You won't catch me gawping at models wearing nothing but their underwear

Click to follow
The Independent Online

If you are reading this in bed mid-morning, it's unlikely you'll be making it over to Selfridges in Oxford Street in time to catch a glimpse of Travis in what calls his "tightie-whities". Shame. I think you'd have enjoyed it. But if it's any consolation, I'll be there.

Hard to imagine there's anyone who does not know who Travis is. But should you be living out of town, for whatever reason, there's a chance you won't have seen the poster campaign. So for you, allow me to explain that Travis is Calvin Klein's latest underwear model and that he's been pointing his package at the rest of us – "package" being another term that I've picked up from – for weeks.

Funny old world, ours. We do what we can to rein in our appetites in public places, try not to bare our teeth when we are angry, or our behinds when we are aroused, putting distance between ourselves and the primeval forest where we originated.

Civilisation, we call this: the finest tracery of etiquette and reticence, having regard to our own self-respect as upright beings, and the feelings of our fellow citizens whom we must regard as capable of embarrassments and compunctions as exquisite as our own. And yet we accept as normal a hundred thousand photographs, positioned where it is impossible to miss them, of a young man showing us his penis, or at least intimating the presence of his penis (its shape, weight, configuration) at a three-quarters diagonal slant, neither coming up nor going down, neither pendulous nor protrusive, in soft, clinging cotton tightie-whities.

It could be argued that for a man of the slackie-blackie generation to have paid quite so much attention, something about the promotion must have worked. I don't doubt it. When you prick me, do I not bleed? When you hit me over the head with a club, do I not faint?

I recall visiting Perth, in Western Australia, for the first time and being unable to escape the magnetic influence of a billboard that dominated the town, partly by virtue of its size, partly by virtue of its subject – a woman unsuccessfully holding down her unruly skirts – but mainly because it said LOOK NO KNICKERS.

I am squeamish about this sort of thing. I do not care for the word knickers. Panties neither. Should some alien power wish to extract secrets out of me, it would do well to forget thumb screws or Chinese water torture, and simply order me to say knickers or panties a hundred times on stage at the London Palladium. Rather than say knickers twice, or panties once, I'd tell them everything they wanted to know and a little more besides.

My peculiar fastidiousness apart, it is impossible to take a city seriously when the only thing you see on raising your eyes to its skyline is LOOK NO KNICKERS. Thereafter, in my estimation, Perth was forever in dishabille, a frisky, tarty little town with a bubbly personality, but only a fool would marry it.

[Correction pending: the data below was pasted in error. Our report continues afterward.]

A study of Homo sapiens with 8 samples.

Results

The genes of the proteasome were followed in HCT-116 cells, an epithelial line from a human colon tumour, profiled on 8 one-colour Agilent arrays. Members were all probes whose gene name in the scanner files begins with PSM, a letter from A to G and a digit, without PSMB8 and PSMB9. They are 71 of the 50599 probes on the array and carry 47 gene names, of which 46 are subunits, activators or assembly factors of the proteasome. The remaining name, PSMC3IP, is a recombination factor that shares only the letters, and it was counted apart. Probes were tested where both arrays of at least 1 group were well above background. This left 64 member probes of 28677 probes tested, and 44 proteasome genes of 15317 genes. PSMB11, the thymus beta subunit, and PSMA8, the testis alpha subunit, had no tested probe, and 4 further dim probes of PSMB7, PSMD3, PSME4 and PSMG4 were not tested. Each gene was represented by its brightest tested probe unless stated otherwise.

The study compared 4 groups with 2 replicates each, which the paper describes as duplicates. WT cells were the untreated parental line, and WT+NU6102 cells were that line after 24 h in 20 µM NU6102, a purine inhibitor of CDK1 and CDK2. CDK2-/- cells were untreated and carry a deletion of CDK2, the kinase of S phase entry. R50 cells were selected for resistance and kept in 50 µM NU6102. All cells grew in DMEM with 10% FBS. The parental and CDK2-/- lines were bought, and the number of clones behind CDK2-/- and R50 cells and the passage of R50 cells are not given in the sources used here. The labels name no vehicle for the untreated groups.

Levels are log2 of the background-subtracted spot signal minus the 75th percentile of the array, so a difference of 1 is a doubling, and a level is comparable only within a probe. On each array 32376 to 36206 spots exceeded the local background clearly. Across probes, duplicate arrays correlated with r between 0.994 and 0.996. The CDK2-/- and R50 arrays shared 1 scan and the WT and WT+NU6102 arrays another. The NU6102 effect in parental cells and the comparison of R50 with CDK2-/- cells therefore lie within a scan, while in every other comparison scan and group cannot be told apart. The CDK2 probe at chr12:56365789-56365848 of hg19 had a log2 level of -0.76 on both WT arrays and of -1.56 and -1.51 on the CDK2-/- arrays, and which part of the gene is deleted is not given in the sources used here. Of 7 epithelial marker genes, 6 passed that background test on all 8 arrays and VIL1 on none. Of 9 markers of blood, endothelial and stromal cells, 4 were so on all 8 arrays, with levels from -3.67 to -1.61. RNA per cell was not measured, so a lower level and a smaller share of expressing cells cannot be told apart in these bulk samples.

And my fear is that Travis is doing the same to London. Forget the National Gallery, St Paul's, Westminster Abbey – welcome to Dick City. That Travis is himself an Australian only makes it worse. Not from Perth, as it happens, but from Melbourne, where civic solemnity is of no small account. It's because they won't have Travis flashing himself in Carlton or St Kilda that he's doing it here.

I say "he", but there is a girlish look to Travis, soft pleading eyes, easily bruised skin, a waifish twist of leather ("Find me a home, daddy") round his swan's down neck. For reasons buried deep in its national psychology, Australia throws up this appearance of androgyny effortlessly. Take my word for it if you haven't been there, every third person in Australia is a girl with a penis.

The actress Nicole Kidman is not, to my knowledge, kitted out in this way. But she is possessed of a freckled, hoydenish demeanour which ill-suits her for half the parts she's given. Whatever else you ask an Australian woman to be, you don't ask her to be a femme fatale, not even in jest. Every time I nipped indoors to escape an eyeful of Travis last week, I had the misfortune to catch snippets of Nicole Kidman on television, vamping it up for the Baftas in Moulin Rouge.

Now, I have admitted to strange sensitivities in the matter of the naming of women's undergarments, but nomenclature has nothing to do with the pain I feel when I see Nicole Kidman in her Parisian stockings and suspenders. Few sights on this planet are sadder – not a wounded elephant, not a tiger cub separated from its mother – than a woman who does not fill or look seductive in a stocking. No time here to plumb the mysteries of it, whether it comes down to actual fleshliness, the voluptuous swell of thigh (or not), or simply to consciousness of sensuality (or not); the fact remains that some women can and some can't, and those who can't are desolating when they try.

I wish they'd ask me first. I wish that middle-aged lady novelist with a trampy name had asked me how she looked in fishnets before letting the newspapers snap her in them, extended on a chaise longue. "Heart-breaking," I'd have told her. But then fishnets become no one. In fishnets a woman only ever resembles a fish.

And tightie-whities are no better. Down to our drawers, we are all pathetic. If I'm killed in the crush to see Travis, I'll admit I'm mistaken.